Over the last 5 years I have been working with microservices in some form.
The microservice architectural style is an approach to developing a single application as a suite of small services, each running in its own process and communicating with lightweight mechanisms, often an HTTP resource API. These services are built around business capabilities and independently deployable by fully automated deployment machinery. There is a bare minimum of centralized management of these services, which may be written in different programming languages and use different data storage technologies. - Martin Fowler & James Lewis
As a software system grows it becomes harder to understand the consequences of a particular change. This has the flow on effect of increasing the cost of development in that system and increasing the risk of a failure. There are many strategies to overcome this codebase scaling problem but by far my favorite is microservices. The heart of microservices is building smaller systems which can be easily understood and then composing these systems together into a larger application. Or as one of my colleagues put it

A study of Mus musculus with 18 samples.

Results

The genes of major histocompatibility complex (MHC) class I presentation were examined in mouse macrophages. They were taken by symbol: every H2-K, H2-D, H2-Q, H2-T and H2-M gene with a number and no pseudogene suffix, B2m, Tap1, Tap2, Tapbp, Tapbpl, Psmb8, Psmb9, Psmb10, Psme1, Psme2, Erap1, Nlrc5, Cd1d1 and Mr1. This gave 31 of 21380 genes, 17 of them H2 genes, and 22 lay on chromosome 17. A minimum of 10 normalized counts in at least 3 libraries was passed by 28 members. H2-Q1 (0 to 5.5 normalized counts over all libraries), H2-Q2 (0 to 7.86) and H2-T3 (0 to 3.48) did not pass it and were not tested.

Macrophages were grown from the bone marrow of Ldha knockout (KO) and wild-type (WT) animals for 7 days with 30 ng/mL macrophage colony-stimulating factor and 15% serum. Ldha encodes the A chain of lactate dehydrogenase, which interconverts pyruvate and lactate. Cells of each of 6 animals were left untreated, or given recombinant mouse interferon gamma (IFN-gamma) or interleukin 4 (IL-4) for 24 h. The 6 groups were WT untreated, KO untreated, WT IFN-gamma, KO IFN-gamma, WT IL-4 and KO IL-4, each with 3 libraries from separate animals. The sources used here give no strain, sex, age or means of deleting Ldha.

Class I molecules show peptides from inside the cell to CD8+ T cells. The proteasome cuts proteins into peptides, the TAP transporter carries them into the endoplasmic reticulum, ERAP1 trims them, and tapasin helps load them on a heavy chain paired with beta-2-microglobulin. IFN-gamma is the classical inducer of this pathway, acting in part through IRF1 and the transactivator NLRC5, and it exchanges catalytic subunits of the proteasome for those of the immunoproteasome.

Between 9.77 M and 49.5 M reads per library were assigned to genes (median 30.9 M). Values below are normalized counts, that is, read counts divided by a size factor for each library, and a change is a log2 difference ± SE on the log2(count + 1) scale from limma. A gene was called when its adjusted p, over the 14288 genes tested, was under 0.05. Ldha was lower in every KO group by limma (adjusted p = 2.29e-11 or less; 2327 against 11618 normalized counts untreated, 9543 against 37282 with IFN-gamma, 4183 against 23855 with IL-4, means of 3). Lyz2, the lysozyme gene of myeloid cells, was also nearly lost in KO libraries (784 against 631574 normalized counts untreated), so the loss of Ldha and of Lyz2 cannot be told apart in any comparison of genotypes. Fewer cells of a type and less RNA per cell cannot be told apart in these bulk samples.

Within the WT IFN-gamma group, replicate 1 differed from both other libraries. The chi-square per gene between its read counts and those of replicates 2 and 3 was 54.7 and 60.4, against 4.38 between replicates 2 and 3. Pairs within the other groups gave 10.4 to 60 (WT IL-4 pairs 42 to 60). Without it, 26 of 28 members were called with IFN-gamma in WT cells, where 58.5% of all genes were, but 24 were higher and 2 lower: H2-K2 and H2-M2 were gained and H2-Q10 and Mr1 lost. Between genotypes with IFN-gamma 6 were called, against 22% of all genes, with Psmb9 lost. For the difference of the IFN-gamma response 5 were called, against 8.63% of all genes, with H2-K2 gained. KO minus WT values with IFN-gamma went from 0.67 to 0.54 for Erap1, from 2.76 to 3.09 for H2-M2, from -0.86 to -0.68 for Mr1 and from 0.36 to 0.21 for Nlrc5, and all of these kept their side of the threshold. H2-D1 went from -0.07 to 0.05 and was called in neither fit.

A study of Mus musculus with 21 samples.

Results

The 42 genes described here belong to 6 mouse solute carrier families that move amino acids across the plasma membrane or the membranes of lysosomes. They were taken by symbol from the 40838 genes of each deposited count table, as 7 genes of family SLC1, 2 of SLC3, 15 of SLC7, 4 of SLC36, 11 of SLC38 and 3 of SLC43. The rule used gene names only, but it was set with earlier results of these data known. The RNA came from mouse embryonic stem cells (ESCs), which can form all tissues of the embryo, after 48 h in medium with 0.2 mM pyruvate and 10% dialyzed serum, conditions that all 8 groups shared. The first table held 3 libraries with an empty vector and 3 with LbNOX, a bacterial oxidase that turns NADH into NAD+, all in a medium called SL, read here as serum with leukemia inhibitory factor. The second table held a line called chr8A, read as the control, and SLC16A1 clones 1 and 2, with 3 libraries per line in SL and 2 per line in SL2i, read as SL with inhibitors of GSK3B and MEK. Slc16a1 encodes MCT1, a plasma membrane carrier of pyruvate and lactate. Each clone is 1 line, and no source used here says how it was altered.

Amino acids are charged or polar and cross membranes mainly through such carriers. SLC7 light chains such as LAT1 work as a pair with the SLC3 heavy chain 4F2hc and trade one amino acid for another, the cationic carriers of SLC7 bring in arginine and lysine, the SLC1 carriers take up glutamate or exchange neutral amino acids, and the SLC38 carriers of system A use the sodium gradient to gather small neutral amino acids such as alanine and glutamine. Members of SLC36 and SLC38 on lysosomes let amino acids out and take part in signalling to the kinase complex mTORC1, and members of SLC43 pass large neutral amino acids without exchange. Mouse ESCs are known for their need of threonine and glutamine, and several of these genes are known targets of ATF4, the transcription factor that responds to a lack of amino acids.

The secret to building large systems is not to build large systems - Mark Sargent
I think that microservices is the best answer we have to building a sufficiently large system. But the practical details of how to go about this can be non trivial. In this series I will look at some of my experiences with microservices and how I approach building them.
Microservices and libraries both have benefits in terms of providing reusable components. This article looks at the differences between microservices and libraries and looks at why you might choose one over another.
Versioning is a tool which allows microservices to gain independence from each other while being able to grow and change. Its critical that when we make changes to a microservice we can do so in a way that we are confident will not break our consumers.